On Tuesday night, this raptor had a bird’s-eye view of a high-flyin’ team from atop the right field foul pole. More like a fowl pole.
“I guess it just lives in the stadium. We’ll see if it’s there today. Four days in a row,” Yankees reliever Zack Britton said.
In fact, it was a no-show for the 8-7 win, New York’s last home game for almost three weeks.
But recently, this ballhawk was perched on two poles that extend above the lights and sport flags of the other big league teams — the Blue Jays and Cardinals, fittingly. Not the Orioles, so far.
The most common hawk in North America, red-tails are frequently spotted in New York. They’ve been seen flying over Central Park and Fifth Avenue, with nests on the Robert F. Kennedy Bridge and the NYU campus.
Umpire Cory Blaser was working at first base Tuesday night when he saw the hawk shown on the videoboard. He then spied the bird himself on the foul pole.
“I’m from Colorado, we see them there,” he said. “A little bizarre to see one at Yankee Stadium.”
Pigeons are much more common at the House That Ruth Built, especially when the field has been reseeded for New York City FC soccer games. A few years ago, flocks of 85 would land on the grass, looking for an easy meal.
Too bad for the pigeons, that’s also what the red-trailed hawk wants.
During a game last week, the predator stalked the prey, with the hawk attacking a pigeon in midair. They both crashed into the protective netting along the first base line and fell separately into the seats.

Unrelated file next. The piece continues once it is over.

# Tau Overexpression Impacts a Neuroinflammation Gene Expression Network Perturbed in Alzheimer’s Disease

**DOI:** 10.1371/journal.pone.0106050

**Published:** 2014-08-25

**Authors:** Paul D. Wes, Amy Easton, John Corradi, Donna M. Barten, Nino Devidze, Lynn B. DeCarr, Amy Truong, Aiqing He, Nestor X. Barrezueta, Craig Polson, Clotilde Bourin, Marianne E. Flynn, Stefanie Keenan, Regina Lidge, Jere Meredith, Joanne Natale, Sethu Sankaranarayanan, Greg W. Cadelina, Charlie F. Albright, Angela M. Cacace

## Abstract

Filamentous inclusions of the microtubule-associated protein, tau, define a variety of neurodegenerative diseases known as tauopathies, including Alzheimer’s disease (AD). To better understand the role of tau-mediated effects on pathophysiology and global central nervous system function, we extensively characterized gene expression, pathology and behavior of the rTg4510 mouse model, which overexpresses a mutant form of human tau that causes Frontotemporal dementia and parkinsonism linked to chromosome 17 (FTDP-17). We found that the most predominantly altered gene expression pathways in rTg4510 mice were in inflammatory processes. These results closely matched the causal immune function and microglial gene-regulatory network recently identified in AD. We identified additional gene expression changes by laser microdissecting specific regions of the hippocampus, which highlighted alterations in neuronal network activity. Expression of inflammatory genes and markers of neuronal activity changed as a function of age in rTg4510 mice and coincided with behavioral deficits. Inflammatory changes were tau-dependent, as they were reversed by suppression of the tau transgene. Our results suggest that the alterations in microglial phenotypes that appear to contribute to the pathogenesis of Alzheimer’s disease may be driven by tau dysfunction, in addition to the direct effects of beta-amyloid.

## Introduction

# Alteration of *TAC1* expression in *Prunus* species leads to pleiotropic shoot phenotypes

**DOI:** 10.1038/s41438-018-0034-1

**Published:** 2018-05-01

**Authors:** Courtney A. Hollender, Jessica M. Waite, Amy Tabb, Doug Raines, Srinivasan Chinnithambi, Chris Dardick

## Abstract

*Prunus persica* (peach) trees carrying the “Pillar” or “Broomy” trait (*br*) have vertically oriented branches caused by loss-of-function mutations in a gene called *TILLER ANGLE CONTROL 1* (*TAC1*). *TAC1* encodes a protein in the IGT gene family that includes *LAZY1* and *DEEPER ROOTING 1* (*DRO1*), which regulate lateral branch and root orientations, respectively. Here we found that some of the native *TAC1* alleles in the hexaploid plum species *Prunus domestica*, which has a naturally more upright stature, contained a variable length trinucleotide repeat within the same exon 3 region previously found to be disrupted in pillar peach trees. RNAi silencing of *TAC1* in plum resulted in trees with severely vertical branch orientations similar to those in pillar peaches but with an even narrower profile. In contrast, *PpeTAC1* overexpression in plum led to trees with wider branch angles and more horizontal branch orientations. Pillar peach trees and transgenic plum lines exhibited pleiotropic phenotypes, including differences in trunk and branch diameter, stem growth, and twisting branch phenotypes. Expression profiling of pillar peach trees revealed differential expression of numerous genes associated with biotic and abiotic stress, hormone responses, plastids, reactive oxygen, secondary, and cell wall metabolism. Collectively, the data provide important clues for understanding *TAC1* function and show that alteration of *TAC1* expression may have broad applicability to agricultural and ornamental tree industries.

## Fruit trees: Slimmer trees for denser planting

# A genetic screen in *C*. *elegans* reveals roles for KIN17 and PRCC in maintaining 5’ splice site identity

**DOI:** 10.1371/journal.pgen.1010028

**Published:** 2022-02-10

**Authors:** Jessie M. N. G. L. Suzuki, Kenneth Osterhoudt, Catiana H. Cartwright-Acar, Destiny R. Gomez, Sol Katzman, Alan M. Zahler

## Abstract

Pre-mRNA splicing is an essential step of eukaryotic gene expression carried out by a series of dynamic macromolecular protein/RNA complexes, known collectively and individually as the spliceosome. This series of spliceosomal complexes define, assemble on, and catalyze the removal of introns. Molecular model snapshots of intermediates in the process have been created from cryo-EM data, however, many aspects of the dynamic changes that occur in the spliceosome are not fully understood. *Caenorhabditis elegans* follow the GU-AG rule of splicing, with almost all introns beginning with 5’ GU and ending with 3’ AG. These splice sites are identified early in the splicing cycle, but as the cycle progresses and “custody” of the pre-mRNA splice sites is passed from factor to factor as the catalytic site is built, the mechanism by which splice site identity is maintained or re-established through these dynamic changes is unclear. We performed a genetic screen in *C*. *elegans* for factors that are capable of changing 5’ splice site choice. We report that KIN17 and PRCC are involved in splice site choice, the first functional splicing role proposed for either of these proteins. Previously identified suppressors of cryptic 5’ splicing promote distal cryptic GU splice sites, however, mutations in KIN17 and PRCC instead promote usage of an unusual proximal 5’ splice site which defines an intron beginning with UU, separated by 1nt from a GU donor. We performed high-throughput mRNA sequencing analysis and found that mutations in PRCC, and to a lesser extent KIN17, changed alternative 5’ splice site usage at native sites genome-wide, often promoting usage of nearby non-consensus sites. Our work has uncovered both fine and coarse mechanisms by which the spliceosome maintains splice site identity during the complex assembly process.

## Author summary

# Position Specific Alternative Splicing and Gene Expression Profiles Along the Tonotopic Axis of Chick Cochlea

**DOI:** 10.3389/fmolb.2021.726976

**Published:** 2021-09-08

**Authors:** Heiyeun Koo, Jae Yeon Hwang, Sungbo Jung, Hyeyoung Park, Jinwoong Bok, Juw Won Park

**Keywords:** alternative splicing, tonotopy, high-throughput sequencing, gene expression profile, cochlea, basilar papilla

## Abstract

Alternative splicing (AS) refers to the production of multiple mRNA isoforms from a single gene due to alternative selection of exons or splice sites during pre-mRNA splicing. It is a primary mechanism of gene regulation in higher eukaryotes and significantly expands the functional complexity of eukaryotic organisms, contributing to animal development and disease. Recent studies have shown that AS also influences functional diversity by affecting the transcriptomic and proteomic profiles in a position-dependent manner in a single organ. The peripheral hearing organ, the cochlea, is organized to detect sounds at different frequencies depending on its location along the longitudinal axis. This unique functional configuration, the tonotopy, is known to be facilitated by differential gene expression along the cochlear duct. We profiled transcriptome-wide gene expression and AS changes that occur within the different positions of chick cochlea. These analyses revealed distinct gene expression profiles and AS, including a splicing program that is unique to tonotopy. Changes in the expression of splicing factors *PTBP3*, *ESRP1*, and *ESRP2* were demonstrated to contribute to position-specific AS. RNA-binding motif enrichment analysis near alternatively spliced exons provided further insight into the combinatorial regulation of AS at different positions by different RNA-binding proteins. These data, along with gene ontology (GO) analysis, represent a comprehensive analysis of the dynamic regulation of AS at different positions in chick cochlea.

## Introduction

The hawk quickly recovered and took up residence atop the screen behind the plate. The pigeon wasn’t so lucky.
“I don’t think it’s watching the game. But probably just waiting for those food scraps,” Yankees reliever Adam Ottavino said.
Hawks were occasionally spotted at the old Yankee Stadium and have been seen at Fenway Park. A decade ago, a 13-year-old girl on a school tour at the home of the Boston Red Sox was left with a bloody scalp when a red-tail swooped down and scratched her with its talons.
The Yankees have had their brushes with hawks over the year.
Andy Hawkins won 15 games for them in 1989, and well-traveled reliever LaTroy Hawkins dropped by in 2008.
And in 1921, an outfielder named Chicken Hawks made his big league debut with the Yankees. Born as Nelson Louis Hawks, he was known throughout his brief career by his nickname.
This hawk now hovering over Yankee Stadium doesn’t have a name. Not yet.
But the bird’s got plenty of fans.
“It’s pretty cool to watch,” pitcher CC Sabathia said. “Just hanging out.”
AP Sports Writer Avery Yang contributed to this report.